UPDATE, 3.30PM: Every year, Elphinstone man Grant Farrell and his colleagues at Mount Alexander Shire Council undergo CPR refresher training.
Grant put those skills into practice for the first time on August 12, as he and workmates Shaye Mulhall and Shane Scoble took turns performing chest compressions on a middle-aged man who had collapsed and stopped breathing.
The man’s mother ran across the road to the council depot in Castlemaine where Grant, Shaye and Shane were on their lunch break, to seek help.
“We had just started our lunch when she came over,” Grant said.
The trio found the woman’s son slumped over a garden fence.
Grant and Shaye lifted the man off the fence, and placed him on the ground in the recovery position.
While they checked his vital signs, Shane called 000.
The Good Samaritans were advised to start performing CPR.
“Within minutes, the ambulance was there,” Grant said.
He and his colleagues continued providing CPR under the instruction of paramedics.
“We continued doing that for some time,” Grant said.
After five shocks from the defibrillator, he said the patient started showing signs of life.
A total of seven shocks were administered.
Acting Loddon Group Manager Tony Walsh nominated the trio for Community Hero Awards.
Paramedics were impressed by the workers’ teamwork.
The central Victorians were among 18 recipients of the awards, presented on Thursday at Parliament House in Melbourne.
Grant, who has worked for the shire for about 17 years, said he was proud to have been able to help the family and the paramedics.
“It’s a good feeling,” he said.
However, he said he felt bad that he and his colleagues – Shaye, from Kangaroo Flat, and Shane, from Guildford – were getting an award for something paramedics do all day, every day, and in far more trying situations, with “little recognition.”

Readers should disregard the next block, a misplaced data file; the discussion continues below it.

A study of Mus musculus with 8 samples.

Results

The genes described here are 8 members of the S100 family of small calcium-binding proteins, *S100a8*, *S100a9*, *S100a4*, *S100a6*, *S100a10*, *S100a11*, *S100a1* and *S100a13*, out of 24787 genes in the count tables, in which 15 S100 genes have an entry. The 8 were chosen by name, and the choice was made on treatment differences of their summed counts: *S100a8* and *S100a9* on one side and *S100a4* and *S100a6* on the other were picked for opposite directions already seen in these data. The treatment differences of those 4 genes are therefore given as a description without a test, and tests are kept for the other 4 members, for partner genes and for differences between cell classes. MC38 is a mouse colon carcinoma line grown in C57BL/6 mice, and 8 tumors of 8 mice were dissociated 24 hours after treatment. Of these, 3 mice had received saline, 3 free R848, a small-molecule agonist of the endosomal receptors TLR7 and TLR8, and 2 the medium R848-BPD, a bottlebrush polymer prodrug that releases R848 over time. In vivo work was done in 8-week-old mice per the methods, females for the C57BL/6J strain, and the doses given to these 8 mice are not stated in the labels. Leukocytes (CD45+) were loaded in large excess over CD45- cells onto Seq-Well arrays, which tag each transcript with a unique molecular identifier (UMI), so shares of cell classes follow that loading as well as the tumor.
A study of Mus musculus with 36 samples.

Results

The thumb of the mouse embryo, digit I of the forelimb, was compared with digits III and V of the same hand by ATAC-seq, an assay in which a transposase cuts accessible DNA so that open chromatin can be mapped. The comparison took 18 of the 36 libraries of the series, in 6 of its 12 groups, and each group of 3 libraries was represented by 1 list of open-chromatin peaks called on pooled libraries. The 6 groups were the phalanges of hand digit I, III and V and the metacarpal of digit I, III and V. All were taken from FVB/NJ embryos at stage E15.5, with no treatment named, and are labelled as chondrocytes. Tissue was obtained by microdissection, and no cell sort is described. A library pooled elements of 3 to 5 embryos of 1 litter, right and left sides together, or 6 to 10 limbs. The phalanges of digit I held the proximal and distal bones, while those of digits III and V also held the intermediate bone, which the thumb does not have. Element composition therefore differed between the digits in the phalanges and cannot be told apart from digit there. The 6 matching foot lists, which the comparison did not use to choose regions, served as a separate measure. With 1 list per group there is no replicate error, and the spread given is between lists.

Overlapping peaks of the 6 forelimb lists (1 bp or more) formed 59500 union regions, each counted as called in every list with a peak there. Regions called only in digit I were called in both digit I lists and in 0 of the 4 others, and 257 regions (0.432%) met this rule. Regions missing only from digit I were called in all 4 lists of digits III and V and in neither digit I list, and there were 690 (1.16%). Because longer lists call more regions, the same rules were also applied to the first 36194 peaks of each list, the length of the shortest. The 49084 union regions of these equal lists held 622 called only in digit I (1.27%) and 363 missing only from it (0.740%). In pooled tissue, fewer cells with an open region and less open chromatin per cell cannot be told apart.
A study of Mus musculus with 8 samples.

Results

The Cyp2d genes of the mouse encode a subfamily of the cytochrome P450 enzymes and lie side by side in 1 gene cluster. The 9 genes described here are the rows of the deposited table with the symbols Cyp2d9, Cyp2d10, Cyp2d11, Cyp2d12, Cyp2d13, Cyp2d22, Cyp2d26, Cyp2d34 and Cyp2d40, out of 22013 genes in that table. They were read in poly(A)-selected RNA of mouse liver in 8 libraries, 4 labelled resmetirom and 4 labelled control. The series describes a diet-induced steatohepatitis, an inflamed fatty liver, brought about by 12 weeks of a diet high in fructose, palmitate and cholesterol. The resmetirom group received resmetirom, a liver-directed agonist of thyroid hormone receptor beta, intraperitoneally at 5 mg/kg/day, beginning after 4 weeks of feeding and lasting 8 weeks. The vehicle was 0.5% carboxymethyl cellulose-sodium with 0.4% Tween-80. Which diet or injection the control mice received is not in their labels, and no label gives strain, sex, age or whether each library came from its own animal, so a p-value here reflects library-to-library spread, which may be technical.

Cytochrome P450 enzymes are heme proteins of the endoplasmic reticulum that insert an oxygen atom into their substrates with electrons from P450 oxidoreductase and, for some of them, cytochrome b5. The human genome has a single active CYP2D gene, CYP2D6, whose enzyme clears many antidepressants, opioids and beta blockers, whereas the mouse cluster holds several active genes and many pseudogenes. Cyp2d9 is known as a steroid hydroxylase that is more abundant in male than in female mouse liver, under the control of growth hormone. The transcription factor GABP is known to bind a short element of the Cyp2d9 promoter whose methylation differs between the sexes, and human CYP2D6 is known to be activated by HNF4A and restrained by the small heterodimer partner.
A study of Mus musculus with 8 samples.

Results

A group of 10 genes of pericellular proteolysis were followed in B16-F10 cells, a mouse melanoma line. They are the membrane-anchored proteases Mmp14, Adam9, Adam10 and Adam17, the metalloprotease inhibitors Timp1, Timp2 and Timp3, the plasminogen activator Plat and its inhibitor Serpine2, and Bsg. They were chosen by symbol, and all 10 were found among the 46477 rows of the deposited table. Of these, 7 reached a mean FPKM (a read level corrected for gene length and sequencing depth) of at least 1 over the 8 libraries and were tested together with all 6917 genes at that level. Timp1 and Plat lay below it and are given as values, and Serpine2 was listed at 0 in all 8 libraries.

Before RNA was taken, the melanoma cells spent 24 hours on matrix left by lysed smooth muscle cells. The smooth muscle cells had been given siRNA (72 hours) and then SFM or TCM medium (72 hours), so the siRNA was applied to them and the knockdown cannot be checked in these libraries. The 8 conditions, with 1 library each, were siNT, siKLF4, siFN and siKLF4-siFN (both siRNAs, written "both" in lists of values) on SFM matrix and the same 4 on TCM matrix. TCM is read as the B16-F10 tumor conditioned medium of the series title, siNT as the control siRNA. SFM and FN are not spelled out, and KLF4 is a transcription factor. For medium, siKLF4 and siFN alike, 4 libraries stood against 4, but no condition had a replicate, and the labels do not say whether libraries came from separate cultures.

Ambulance Victoria chief executive officer Tony Walker said the case proved how vital CPR was in the community to help save lives.
‘‘Survival from cardiac arrest is greatest when CPR and defibrillation are carried out by the public prior to ambulance arrival,” Mr Walker said.
“It is with the actions of the public that Ambulance Victoria can continue to save lives.”
EARLIER: Three central Victorian men are being recognised as community heroes for helping to save a life during their lunch break.
The trio sprang to action after a woman ran into their Castlemaine workplace on August 12 seeking help for her son, who had collapsed.
The three men – from Elphinstone, Kangaroo Flat and Guildford – found the man slumped over a garden fence.
Two of the men lifted the ill man off the fence and placed him in the recovery position on the ground, before checking his vital signs.
The third worker called 000.
Ambulance Victoria paramedics arrived to find the trio delivering CPR, a skill they had learnt during first aid training provided by their employer.
Paramedics praised the men for their team work, noting that the trio rotated CPR duties so paramedics could prepare to defibrillate the patient.
The ill man has since recovered.
The three workers are among 139 people nominated for a Community Hero Award, being presented at Parliament House in Melbourne today.